The photography series by Gonzalo Orquin, had been due to open at the Galleria L’Opera beginning on Wednesday evening.
The photographer said the gallery had received a legal notice from the Vatican, and that he and the gallery had decided to cover up the photographs.
“A letter arrived from the Vicariate of Rome, an organization that is part of the Vatican, which said the church is against the exhibition. I spoke to lawyers and for security reasons we decided not to show the photos,” Orquín told The Local.
The Vicariate admitted sending the threatening letter, and said the exhibition “could harm the religious sentiment of the faithful”.
The Vicariate is an organisation which helps Pope Francis carry out his duties as Bishop of Rome.
Speaking to the Local, a spokesman for the Vicariate Cladio Tanturri said the photographs went against the Italian constitution.
“Italian constitutional law safeguards an individual’s religious feeling and the function of places of worship.
“Therefore photos that are not suitable and do not conform to the spirituality of the place offend and infringe upon the advancement of man in the particular place for the expression of faith.”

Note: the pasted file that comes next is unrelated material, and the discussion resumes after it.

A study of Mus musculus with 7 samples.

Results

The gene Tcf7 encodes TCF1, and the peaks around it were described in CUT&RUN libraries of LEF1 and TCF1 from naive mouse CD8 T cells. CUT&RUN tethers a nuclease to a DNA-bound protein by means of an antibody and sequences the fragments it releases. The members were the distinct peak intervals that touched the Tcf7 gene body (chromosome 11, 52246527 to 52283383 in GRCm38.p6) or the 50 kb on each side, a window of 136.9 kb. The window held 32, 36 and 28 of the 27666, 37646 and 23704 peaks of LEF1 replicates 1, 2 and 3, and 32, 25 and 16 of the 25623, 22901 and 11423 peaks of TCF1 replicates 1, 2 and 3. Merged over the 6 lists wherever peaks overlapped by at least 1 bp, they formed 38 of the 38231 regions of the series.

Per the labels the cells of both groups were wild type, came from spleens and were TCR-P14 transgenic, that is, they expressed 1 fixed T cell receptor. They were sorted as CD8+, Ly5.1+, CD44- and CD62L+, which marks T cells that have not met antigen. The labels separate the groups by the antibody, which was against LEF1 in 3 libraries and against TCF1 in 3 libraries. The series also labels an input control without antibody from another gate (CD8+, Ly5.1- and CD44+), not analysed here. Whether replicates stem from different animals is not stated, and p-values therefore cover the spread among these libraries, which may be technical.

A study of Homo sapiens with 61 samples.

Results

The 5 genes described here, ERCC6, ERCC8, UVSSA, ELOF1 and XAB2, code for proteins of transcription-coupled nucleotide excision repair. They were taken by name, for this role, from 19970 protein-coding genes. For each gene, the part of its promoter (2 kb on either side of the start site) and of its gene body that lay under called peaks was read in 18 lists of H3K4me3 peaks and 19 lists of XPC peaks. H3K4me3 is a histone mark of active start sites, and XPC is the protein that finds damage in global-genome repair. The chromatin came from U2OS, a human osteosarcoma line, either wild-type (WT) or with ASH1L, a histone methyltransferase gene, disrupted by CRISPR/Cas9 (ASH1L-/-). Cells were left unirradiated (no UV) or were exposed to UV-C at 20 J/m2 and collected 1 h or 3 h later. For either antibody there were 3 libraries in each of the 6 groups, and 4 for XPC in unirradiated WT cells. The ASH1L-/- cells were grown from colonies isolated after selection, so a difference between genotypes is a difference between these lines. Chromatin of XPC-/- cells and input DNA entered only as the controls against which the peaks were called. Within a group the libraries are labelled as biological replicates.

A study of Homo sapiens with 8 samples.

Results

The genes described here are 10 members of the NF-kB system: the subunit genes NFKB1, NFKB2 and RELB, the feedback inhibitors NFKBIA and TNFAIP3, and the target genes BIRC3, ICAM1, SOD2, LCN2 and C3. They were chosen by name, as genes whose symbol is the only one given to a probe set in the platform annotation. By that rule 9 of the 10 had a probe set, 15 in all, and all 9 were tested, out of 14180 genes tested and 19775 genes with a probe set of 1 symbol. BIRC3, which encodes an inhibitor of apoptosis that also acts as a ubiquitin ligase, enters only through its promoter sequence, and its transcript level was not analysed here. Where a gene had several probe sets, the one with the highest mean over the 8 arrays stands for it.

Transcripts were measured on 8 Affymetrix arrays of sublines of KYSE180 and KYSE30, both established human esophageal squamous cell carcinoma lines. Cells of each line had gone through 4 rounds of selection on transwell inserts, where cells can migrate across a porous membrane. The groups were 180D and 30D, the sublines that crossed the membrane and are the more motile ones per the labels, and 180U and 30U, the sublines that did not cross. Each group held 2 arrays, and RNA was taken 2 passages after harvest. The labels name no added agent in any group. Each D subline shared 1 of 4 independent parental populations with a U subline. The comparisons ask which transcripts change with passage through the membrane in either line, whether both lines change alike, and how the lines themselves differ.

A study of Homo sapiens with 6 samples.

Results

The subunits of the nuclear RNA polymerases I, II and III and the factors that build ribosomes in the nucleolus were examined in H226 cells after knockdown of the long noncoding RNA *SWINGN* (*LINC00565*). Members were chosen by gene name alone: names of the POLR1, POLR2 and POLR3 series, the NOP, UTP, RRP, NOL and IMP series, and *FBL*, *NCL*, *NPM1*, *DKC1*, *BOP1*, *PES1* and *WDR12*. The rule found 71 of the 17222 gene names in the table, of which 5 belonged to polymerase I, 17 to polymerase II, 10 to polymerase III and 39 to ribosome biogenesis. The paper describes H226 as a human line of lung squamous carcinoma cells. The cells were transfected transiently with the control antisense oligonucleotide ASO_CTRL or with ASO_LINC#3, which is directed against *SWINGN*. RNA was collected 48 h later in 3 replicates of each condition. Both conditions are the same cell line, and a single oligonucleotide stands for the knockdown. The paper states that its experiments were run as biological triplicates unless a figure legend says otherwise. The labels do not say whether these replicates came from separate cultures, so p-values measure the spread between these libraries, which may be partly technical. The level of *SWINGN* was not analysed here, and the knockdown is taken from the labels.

The Vicariate, an organization that helps the Pope carry out his functions as Bishop of Rome, confirmed it had sent the letter threatening legal action and said the photographs “could harm the religious sentiment of the faithful”.
Orquin said all but one of the sixteen photographs in the exhibition were taken in churches in the city, and that both gay and straight people volunteered to pose.
“We went to churches, took the photos at the altar and ran off…it’s a bit like a flash mob,” said Orquín, who is himself Catholic. “A number of times we left because there were people praying. It wasn’t easy.”
Lawyers are currently working on the case, said Orquin, but for the time being, the photographs would remain covered up.
Flavio Romani, president of gay rights organization Arcigay, described the Vatican’s reaction as “grotesque”.
“In the images in which the church have seen provocation, I see an exchange of love, a type of public worship that creates harmony not contrast…The indignation of the Catholic Church, therefore, is extremely grotesque.”
Orquin, who is Spanish, but has lived in Rome for eight years, said from his experiences, he found Italy to be “a very homophobic country”.
“There aren’t other countries in Europe or the West that are backward like this” he continued.